The two things are:
1. some calculated stats about Pinterest (then compared with Twitter at same time in existence), such as:
Read the whole thing for more.
* Pinterest is retaining and engaging users as much as 2-3x as efficiently as Twitter was at a similar time in its history.
* Pins link to a tremendously large universe of sites. Etsy is the most popular source of pin content, but it only represents about 3% of pins.
* Over 80% of pins are re-pins, demonstrating the tremendous virality at work in the Pinterest community. To contrast, a study done at a similar time in Twitter’s history showed that only about 1.4% of tweets were retweets.
* The quality of the average new user (as defined by their level of engagement and likelihood to remain active) is high but declining. Users who have joined in recent months are 2-3x less active during their first month than the users that came before them.
2. how they acquired the data and made calculations.
We wrote some simple scripts to identify random users who joined at varying times in the company’s history and download their complete history of pins to conduct cohort analysis. We also pulled several hundred thousand additional pins from the general user population. All told, we ended up with a database of nearly one million pins.
Thanks to our old friend the central limit theorem, we’re confident that our sizable random samples are representative of the greater population they were pulled from. We should caveat, however, that there is always a risk of sampling bias. Since Pinterest doesn’t use auto-incrementing IDs, we had to get creative about identifying random users and pins. We identified user names based on common dictionary words and then expanded to general-population pins by guessing at ID numbers in numeric proximity to the pins of those core users.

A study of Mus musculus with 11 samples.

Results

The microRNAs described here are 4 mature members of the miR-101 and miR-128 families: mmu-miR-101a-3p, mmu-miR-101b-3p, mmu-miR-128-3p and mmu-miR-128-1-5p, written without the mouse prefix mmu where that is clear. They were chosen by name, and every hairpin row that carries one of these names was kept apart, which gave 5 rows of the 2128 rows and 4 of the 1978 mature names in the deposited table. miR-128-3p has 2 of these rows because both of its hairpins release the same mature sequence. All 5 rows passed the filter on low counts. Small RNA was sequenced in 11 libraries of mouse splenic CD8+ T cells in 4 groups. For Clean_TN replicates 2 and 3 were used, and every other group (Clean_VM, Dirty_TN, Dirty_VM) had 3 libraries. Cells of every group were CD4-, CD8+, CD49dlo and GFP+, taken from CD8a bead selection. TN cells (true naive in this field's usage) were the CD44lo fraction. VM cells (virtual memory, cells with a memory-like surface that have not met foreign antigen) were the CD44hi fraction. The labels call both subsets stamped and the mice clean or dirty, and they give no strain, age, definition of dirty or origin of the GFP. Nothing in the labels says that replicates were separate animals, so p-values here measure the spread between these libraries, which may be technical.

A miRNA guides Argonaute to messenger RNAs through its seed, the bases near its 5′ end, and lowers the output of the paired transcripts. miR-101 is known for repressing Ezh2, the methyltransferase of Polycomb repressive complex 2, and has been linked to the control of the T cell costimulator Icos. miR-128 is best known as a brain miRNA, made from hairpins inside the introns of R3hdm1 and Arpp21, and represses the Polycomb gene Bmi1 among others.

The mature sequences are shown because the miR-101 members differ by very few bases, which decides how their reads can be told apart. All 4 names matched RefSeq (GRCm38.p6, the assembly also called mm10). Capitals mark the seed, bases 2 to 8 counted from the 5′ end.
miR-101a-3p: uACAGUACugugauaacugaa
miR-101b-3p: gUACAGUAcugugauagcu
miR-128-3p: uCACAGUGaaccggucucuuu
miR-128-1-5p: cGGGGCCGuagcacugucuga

All in all it's an interesting glimpse into a social site providing an information taste that may be of value to marketers...with a quiet mention of give it a try with your own company’s data, RJMetrics is offering free 30-day trials for a limited time.
Of course others including some webdevs have been taking similar 'peeks' inside sites for years...all it takes is a competent programmer and some computers. What is different is that such folks tended to keep quiet especially about how they do the voodoo they do...
Why? one of a number of reasons is because it's not only about how the site itself is doing but identifying the power/influential users (and that is not always obvious)... why? because of marketing leverage, because often with social an oblique approach is the low risk high return marketing route.
Regardless, all in all, a nice useful info taste surrounding a soft service offering, plus a hint of how to do it yourself given knowledge and resources.